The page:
Gal’s a dad from Israel who loves baking and exploring new cuisines 🥖
Get to know Gal in this Q&A and get his “Baked chicken and rice,” TUESDAY (11/26) from 3:30-5PM in Lakeview!
Q: How did you first learn to cook?
Gal: I first started cooking 20+ years ago, when I basically needed to feed myself, takeaway was expensive and I was broke. It was the pre-internet era (yes, there was a time like this), and I relied on a few cookbooks and my mom’s and aunt’s guidance. Soon, the necessity became a hobby, and I was eager to learn and try as much as I could.
After graduating from university, and finally having enough money to afford it, I attended a cooking school in Israel where I learned and practiced many classic techniques. Since then (2005), I’ve never stopped cooking and exploring new areas like BBQ, baking and more. And in the last year or so, my oldest daughter (and on occasion my younger son and daughter too) joins me on various adventures like challah shaping, live fire grilling and sweets decorations!
Q: What do you like to cook?
Gal: I like to cook the dishes of my family throughout the years, as well as Israeli food and a multitude of other cuisines, especially Middle-Eastern, Italian, French, Thai, BBQ and more. Many of my dishes are inspired by good old home cooking (roast chicken, baked cream potatoes…hmmm), sometimes with my own twist on them (tuna salad with crunchy almonds, spicy beet salad with yogurt, and chicken shawarma and rice one pot wonder).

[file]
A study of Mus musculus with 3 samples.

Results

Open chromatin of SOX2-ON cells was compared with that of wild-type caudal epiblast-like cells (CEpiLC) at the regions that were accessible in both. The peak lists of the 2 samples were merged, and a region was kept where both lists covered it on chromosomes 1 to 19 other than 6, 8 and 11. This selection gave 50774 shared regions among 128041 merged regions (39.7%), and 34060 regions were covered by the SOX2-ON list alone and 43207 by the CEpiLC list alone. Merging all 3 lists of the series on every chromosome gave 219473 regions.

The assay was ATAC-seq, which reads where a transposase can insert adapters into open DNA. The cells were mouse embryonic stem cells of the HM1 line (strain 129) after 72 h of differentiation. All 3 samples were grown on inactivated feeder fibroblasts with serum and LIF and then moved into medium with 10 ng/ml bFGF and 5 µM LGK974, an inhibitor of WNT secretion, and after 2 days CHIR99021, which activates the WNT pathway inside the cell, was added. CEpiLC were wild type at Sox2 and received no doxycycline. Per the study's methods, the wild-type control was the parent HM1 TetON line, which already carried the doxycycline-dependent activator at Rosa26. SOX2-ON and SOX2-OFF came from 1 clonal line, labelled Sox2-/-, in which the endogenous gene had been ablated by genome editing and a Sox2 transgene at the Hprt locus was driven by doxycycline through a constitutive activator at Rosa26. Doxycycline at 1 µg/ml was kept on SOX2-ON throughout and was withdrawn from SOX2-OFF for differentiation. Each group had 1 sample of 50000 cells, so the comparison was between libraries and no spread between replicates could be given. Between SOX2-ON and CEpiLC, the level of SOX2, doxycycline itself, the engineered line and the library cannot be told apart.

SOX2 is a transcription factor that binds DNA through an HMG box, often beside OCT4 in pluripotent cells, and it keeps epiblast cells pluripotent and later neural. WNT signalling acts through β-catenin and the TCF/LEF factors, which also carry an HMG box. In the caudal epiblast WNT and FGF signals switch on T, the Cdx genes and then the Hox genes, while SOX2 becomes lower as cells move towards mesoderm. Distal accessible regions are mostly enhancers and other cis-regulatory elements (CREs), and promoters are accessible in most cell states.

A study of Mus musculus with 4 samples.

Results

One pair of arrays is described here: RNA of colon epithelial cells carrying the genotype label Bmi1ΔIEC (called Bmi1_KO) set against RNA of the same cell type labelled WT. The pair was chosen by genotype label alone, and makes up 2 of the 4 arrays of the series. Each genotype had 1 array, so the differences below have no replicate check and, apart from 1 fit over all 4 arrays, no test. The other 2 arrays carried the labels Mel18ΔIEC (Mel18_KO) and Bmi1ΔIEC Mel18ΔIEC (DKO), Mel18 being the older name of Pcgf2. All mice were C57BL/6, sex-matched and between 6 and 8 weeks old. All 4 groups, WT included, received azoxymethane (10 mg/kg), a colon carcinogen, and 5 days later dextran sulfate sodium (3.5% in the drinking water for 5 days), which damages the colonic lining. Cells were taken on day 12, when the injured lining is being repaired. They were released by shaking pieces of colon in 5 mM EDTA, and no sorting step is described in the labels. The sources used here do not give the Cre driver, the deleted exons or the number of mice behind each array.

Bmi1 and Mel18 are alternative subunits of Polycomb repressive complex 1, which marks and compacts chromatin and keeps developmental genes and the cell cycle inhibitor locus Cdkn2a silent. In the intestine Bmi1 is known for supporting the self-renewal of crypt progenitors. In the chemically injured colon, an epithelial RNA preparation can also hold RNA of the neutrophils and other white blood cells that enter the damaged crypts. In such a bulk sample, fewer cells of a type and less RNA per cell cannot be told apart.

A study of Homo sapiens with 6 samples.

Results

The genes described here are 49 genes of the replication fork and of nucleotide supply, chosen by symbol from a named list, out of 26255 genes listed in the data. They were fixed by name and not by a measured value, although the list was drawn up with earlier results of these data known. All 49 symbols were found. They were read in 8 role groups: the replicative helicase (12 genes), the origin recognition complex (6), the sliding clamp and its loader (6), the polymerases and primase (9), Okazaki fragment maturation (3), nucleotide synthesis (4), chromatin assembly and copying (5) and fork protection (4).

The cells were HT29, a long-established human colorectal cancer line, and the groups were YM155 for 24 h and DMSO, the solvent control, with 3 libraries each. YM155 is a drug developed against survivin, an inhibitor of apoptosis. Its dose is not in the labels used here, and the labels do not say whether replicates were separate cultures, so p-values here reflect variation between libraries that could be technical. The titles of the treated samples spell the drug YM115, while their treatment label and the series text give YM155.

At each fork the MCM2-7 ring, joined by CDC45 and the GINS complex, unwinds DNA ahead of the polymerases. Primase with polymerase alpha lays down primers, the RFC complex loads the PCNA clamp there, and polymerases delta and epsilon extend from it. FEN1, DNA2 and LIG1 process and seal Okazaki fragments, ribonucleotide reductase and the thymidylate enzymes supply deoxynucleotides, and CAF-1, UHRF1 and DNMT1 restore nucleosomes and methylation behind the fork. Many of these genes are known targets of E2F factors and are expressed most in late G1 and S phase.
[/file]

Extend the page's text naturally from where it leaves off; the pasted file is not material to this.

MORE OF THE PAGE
Other times I like to try new tastes and techniques, and combine them with old (and new) traditions. My beef stew with red wine and dried fruits is a Passover staple, and one of my favorite eats of all times. And my kids will eat our home made (buttermilk marinated) schnitzels every day given the opportunity (dunked in ketchup, of-course!!)
Q: Where did you grow up and what kind of food did you grow up with?
Gal: I was raised in Israel, and my mom, aunt and grandma were phenomenal cooks who mostly cooked a vast repertoire of Jewish-Ashkenazi food. As a kid I was a horrible eater who ate nothing (with the occasional exception of my mom’s latkes and sour-cream), and only late in my teen years have I started eating (and appreciating) the excellent food around me. Street food is one of my faves, especially lamb shawarma, loaded with tahini, hot sauce and amba – the one “fast food” I ALWAYS have when visiting Israel.